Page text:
Establish A Vision.
Plan For the Unexpected.


Most of my career in technology has been focused on serving the needs of entrepreneurial business owners who have chosen to compete in the SMB ERP marketplace serving their individual clients. Over the course of time representing major software publishers, I have taken pride in helping these business owners fulfill their dreams, ambitions, and goals. In the process I have developed long term relationships of trust with them and have accumulated “best practices” knowledge and understanding that I have shared numerous times.

Today’s Major Business Disruptions

One of the common threads that has appeared over the course of time, that has presented obstacles to those businesses, has been dealing with major disruptions. These have been both technology driven, and market driven. Technology changes have been things such as: introduction of GUI, introduction of Windows, emergence of SAAS (software as a service), introduction of Hosting, and Cloud Computing to name a few. Market disruptions have been marked by things such as: changes in publisher programs resulting in shrinking commissions and/or margins, introduction of subscription pricing, increased competition in SMB by enterprise publishers both through direct sales and channel partners, and clients moving to consolidate technology providers to name a few.

Many business partners who have longevity in this business are considering whether now is the time to consider an exit plan. Technological disruptions are continuing with the maturing of Artificial Intelligence and the growth of the Internet of Things and there will be more. Will these disruptions make it difficult to compete or require significant reinvestment or a complete restructuring of the business.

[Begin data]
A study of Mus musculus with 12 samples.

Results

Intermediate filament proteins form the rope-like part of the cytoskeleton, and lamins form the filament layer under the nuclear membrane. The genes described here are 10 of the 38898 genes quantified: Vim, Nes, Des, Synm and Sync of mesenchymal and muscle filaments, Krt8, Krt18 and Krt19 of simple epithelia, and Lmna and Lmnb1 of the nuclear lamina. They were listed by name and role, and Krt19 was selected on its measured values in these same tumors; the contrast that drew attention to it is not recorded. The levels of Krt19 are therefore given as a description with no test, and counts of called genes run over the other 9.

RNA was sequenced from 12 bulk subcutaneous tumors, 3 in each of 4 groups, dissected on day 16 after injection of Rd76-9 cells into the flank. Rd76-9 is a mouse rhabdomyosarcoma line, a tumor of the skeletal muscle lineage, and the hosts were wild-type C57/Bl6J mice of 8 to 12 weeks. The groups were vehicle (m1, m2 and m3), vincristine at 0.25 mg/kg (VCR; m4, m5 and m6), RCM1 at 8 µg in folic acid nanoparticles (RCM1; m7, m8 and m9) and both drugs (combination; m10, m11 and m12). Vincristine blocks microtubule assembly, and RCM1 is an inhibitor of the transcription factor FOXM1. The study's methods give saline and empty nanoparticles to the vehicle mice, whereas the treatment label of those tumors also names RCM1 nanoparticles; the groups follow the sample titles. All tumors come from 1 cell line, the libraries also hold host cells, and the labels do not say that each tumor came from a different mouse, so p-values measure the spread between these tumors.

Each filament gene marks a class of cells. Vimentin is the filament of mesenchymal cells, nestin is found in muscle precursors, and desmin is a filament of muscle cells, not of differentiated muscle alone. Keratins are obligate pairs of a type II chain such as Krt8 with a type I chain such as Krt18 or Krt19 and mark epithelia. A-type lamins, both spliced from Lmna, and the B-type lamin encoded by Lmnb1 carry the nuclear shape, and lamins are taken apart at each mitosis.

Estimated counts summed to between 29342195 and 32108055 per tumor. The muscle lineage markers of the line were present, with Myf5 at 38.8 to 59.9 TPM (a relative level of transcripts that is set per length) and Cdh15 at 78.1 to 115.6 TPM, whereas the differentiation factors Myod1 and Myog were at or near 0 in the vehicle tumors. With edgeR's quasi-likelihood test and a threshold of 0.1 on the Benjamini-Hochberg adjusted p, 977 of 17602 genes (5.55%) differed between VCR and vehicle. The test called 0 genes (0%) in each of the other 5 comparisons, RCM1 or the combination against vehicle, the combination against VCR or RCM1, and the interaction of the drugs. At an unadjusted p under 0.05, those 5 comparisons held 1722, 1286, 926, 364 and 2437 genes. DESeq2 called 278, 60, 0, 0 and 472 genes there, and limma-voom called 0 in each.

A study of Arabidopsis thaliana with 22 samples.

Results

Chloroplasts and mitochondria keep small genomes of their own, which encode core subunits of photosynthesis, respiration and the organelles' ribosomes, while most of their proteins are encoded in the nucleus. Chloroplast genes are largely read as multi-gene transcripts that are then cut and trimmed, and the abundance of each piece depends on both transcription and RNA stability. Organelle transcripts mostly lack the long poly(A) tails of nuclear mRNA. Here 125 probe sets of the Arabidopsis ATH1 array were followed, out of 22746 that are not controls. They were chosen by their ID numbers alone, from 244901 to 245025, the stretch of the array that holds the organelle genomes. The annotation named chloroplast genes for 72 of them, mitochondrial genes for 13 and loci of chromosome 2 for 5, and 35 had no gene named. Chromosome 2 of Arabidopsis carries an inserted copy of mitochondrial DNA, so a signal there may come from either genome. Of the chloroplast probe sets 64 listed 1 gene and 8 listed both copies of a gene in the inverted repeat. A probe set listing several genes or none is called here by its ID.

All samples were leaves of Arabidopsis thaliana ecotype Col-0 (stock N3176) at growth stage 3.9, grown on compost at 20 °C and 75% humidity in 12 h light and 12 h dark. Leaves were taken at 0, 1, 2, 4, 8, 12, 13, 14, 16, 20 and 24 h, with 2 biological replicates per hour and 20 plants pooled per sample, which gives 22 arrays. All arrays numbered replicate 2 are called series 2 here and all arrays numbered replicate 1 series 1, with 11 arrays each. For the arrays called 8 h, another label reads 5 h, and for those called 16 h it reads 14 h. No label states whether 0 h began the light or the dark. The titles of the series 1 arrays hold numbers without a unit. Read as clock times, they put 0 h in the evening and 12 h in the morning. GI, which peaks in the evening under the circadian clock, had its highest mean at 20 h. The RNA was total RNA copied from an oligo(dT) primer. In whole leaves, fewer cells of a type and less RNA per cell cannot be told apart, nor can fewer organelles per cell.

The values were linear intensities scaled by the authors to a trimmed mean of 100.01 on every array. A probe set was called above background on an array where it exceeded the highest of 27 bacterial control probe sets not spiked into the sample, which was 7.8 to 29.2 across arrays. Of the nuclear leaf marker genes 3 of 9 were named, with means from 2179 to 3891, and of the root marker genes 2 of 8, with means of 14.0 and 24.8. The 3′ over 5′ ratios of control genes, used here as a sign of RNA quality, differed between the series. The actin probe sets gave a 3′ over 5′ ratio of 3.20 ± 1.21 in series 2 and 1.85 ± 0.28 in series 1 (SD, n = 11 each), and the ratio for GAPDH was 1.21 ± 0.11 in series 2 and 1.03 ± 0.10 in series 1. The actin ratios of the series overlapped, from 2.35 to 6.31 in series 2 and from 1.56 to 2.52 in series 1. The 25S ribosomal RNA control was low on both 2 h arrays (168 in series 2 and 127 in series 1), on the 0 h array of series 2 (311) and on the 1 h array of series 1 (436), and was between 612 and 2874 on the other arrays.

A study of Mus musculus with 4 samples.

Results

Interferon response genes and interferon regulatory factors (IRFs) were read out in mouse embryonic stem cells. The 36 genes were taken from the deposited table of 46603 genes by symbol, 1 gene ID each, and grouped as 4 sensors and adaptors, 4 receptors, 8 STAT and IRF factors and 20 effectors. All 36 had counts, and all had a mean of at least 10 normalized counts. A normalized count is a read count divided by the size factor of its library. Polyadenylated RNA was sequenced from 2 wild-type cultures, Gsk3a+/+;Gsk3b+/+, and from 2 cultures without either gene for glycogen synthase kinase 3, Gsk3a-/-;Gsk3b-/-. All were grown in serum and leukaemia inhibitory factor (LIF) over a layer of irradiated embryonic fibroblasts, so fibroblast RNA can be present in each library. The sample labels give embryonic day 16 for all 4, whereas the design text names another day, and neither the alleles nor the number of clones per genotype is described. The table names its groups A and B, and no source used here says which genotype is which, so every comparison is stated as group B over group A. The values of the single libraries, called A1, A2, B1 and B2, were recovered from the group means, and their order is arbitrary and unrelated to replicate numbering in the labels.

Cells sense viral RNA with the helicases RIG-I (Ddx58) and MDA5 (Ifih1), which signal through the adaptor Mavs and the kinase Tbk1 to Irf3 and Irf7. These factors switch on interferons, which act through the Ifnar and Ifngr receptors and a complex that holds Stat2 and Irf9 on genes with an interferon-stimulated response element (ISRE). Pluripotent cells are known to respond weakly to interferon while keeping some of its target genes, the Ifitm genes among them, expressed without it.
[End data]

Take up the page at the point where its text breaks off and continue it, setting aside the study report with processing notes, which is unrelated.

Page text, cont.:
When is the Right Time to Consider a Business Exit Plan?

As a business owner, ask yourself early on “How, when, and why do I want to transition or sell my business, and to whom?” / “Do I want to remain involved in the business after the transition, or step away completely?” / “Does the potential buyer share my business and personal values?” / “Is the potential buyer financially sound?” / “If you want to keep the business in the family, does the next generation want to be involved, and are they ready and capable to take over?”

These are questions that should ideally be asked years in advance of any transition.

Entrepreneurs start businesses for many reasons; to pursue aspirations and dreams, create a lifestyle, and/or build wealth. But the sale or transition of a business can take a myriad of different forms. It is critical to carefully think through your objectives and have clarity around what you want to happen and when. Only then can you realize the payoff for all your hard work.

Stay tuned as we explore many of these topics in future posts. If you have any immediate needs or want to schedule a meeting to discuss your specific business, please don’t hesitate to email me today.